May 24, 2022

‘Experiencing Greens’ Explores Sensory Characteristics of Lettuce

Jessica Foust

By Jessica Foust, RDN

Jessica Foust is a chef, registered dietitian and member of the Advisory Panel that oversees website content for, a website designed for registered dietitians, professional food writers and consumers to access facts and get answers to questions about the health and safety of lettuce and leafy greens.

I’m pleased to announce a new resource perfect for people who love lettuce – as well as those who aren’t so sure.

I want everyone to love lettuce as much as I do.  So, when the California Leafy Greens Marketing Agreement asked me to create a guide that helps people navigate the world of leafy greens, I jumped at the chance.  As a chef and registered dietitian, I’ve spent my career leading menu innovations for some of the largest restaurant chains like McDonald’s and Little Caesars along with up-and-coming startups like Farmers Fridge. Along the way, I’ve learned a lot about lettuce.

Without question, lettuce is one of the most nutritious and low-cal foods on the planet. California lettuce farmers harvest and ship about 130 million servings of lettuce and leafy greens every day. These  ‘leafy greens’ includes a wide array of sensory experiences.  Some appeal to adventurous eaters (think arugula), while others will stick with the tried and true (iceberg.)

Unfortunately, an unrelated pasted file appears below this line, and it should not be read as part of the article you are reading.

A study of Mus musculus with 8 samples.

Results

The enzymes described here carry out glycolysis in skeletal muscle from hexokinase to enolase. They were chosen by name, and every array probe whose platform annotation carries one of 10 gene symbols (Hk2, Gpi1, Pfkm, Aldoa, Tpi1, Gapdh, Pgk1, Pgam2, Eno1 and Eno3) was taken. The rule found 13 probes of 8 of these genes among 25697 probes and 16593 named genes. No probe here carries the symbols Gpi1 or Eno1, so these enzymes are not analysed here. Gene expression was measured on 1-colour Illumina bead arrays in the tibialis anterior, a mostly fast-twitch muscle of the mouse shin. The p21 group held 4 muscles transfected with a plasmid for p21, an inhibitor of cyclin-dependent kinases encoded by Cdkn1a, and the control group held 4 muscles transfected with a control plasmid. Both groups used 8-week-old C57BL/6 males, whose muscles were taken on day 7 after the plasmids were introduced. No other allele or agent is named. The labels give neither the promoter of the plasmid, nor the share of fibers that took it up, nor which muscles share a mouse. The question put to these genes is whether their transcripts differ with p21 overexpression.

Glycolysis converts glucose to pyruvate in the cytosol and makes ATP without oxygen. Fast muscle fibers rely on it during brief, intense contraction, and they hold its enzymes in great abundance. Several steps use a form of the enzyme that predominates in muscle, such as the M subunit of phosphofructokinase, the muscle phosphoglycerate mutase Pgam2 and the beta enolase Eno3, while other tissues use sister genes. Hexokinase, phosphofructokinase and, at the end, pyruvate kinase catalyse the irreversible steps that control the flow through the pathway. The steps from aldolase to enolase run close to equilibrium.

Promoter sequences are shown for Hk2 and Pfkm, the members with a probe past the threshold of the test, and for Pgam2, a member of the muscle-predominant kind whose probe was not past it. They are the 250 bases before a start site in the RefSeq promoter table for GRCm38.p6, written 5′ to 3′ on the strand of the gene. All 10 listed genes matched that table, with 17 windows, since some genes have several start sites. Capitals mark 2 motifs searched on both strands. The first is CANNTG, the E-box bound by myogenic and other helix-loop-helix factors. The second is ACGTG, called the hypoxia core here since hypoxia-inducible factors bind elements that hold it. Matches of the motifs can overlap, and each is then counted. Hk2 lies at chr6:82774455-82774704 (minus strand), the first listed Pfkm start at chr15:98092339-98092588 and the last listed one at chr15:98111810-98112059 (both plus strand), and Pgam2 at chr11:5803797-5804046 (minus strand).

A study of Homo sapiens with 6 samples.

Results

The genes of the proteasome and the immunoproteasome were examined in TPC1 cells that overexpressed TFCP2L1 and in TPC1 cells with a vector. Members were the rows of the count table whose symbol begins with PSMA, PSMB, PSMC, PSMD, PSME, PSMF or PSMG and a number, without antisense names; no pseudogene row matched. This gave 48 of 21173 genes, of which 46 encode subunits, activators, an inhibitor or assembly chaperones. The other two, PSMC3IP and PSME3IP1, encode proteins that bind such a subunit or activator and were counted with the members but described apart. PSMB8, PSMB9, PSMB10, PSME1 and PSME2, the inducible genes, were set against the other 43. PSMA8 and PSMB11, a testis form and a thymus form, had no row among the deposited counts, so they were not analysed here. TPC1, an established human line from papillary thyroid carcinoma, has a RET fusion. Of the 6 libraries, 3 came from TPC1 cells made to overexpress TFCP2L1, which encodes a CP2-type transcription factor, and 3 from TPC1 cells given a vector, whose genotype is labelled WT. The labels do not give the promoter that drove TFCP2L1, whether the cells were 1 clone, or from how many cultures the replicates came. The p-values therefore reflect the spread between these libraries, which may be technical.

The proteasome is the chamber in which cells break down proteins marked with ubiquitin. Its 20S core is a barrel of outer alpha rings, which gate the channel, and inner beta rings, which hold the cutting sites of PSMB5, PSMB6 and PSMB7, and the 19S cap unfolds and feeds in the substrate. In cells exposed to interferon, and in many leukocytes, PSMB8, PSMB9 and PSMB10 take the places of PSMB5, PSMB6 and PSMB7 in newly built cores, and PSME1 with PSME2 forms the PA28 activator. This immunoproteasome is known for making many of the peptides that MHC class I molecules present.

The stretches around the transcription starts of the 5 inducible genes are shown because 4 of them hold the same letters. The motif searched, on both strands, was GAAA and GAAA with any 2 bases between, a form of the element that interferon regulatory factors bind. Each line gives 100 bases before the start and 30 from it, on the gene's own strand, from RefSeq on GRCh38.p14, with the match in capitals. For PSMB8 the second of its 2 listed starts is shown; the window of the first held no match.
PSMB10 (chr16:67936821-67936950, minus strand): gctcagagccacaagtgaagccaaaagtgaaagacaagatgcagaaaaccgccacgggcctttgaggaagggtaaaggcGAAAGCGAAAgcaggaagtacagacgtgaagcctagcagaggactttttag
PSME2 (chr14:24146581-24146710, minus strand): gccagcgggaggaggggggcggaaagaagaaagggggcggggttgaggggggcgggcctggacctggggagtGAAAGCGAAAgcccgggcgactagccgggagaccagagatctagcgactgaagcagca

Truth be told, people often get stuck in a rut with their choices when it comes to lettuce. And these days, weather problems or supply chain issues can sometimes mean our favorite lettuce variety isn’t always in stock or on the menu.

We definitely don’t want people to skip their favorite lettuce because it’s not available or is too expensive. So, we created this guide to help people find alternative lettuces that are similar to what they already know they like. But also, to encourage exploration of different varieties.

What we provide with this Experiencing Greens content is a deep dive into how various lettuces and leafy greens rank when it comes to five different sensory attributes that include sweetness, bitterness, color, texture and overall flavor. The guide lets people know how different lettuce varieties compare – how they’re similar or different from each other; how two or more can be combined to provide a new taste treat and what additions can be made to your salad that take it to a new level.

Leafy greens can deliver a range of flavors with most being fairly neutral and others like spinach and kale delivering deep earthiness or robust spicy characteristics like arugula. The Experiencing  Greens guide offers a description of each of the five sensory characteristics and uses a scale to rank where the different leafy greens varieties fall on the spectrum. It also offers pro tips for getting the most out of your lettuces.

For example, when it comes to texture, leafy greens are made mostly of water and will begin to dehydrate as soon as they’re harvested. You can increase the crispness of your leafy greens by allowing them to soak in ice water for up to 30 minutes.

I really hope my dietitian and food enthusiast colleagues will take time to check out this new guide and share it with your clients and audiences. People just can’t eat too many fruits and vegetables for good health. With so many different kinds of lettuces available, these foods provide a wide range of nutrients, colors, textures and flavors. There’s truly something for everyone.